NATIVE AMERICANS IN THE U.S. ARMY
Clarence L. Tinker
Conspicuous gallantry and intrepidity
Tinker, a member of the Osage Nation, was also the first American general to die in World War II.
Tinker Air Force Base is named for Maj. Gen. Clarence L. Tinker, a native Oklahoman who lost his life while on a combat mission against Wake Island in the Pacific, during World War II. Born north of Pawhuska, in the Osage Nation, Nov. 21, 1887.
Tinker’s formal military education began when he enrolled in Wentworth Military Academy, Lexington, Missouri. After graduating in 1908, he entered the uniformed service as a third lieutenant in the Philippine Constabulary. He gained a commission in the U.S. Army Infantry in March 1912. In 1920, Tinker joined the Air Service and began his flying career. Graduating from the Army’s Command and General Staff School in 1926, he became the Assistant Military Attaché for Aviation in London. A few months after arriving in Great Britain, he earned the Soldier’s Medal for rescuing a Navy pilot from their burning aircraft wreckage.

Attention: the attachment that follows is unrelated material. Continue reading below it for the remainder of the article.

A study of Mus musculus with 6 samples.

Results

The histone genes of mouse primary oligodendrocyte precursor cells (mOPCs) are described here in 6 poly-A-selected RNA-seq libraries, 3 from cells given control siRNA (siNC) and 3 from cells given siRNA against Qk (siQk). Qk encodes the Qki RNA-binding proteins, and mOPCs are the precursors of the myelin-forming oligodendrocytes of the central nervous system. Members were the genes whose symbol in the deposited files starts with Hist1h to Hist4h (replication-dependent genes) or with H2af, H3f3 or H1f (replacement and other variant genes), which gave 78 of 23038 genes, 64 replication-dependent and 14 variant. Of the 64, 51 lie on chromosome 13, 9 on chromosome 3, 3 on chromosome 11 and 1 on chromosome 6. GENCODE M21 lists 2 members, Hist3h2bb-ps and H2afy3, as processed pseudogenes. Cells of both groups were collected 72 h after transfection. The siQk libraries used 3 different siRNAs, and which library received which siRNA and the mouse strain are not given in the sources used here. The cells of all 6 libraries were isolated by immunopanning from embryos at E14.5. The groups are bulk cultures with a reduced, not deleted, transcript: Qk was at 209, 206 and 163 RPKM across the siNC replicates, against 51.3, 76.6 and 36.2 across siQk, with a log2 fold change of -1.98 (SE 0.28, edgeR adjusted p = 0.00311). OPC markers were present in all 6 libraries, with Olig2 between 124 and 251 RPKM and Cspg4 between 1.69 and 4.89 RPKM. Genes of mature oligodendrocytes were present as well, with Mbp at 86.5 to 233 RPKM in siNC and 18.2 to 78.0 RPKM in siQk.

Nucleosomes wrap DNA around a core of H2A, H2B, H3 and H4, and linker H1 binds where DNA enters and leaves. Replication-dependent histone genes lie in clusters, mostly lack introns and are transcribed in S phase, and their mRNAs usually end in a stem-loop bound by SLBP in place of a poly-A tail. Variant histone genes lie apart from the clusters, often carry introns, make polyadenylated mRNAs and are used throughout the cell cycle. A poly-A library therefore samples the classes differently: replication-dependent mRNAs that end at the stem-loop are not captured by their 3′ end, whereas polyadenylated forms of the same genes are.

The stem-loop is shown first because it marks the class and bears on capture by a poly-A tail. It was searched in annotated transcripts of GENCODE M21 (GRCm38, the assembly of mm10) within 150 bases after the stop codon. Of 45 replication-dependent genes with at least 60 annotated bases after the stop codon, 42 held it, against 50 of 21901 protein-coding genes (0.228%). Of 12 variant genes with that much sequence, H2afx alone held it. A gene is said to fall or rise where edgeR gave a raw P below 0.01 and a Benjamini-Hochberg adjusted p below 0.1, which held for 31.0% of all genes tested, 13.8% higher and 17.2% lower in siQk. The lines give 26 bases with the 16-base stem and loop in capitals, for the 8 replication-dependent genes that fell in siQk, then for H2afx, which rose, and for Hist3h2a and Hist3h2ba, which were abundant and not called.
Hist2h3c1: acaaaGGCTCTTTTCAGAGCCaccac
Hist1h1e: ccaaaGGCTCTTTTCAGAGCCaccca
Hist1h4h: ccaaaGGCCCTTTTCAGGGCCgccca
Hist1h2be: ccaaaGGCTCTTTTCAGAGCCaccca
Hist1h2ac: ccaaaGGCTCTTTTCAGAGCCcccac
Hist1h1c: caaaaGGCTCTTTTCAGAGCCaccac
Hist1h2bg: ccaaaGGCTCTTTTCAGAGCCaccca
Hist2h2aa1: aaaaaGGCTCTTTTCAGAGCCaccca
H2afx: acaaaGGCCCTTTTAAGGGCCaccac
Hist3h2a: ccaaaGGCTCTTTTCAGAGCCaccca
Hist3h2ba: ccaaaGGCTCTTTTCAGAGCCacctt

In January 1942, the general pinned on his second star and became the highest-ranking officer with Native-American ancestry in the U.S. Army. While participating in his planned, long-range, bombing attack against the Pacific enemy, Tinker’s LB-30 fell out of formation and disappeared into the clouds below. He was the first American general lost in action in World War II. The Distinguished Service Medal was awarded posthumously to General Tinker for his gallant action in personally leading the dangerous mission. Lt. Gen. Delos C. Emmons, military governor of Hawaii, said, "He died knowing that he had an important part in winning a great victory."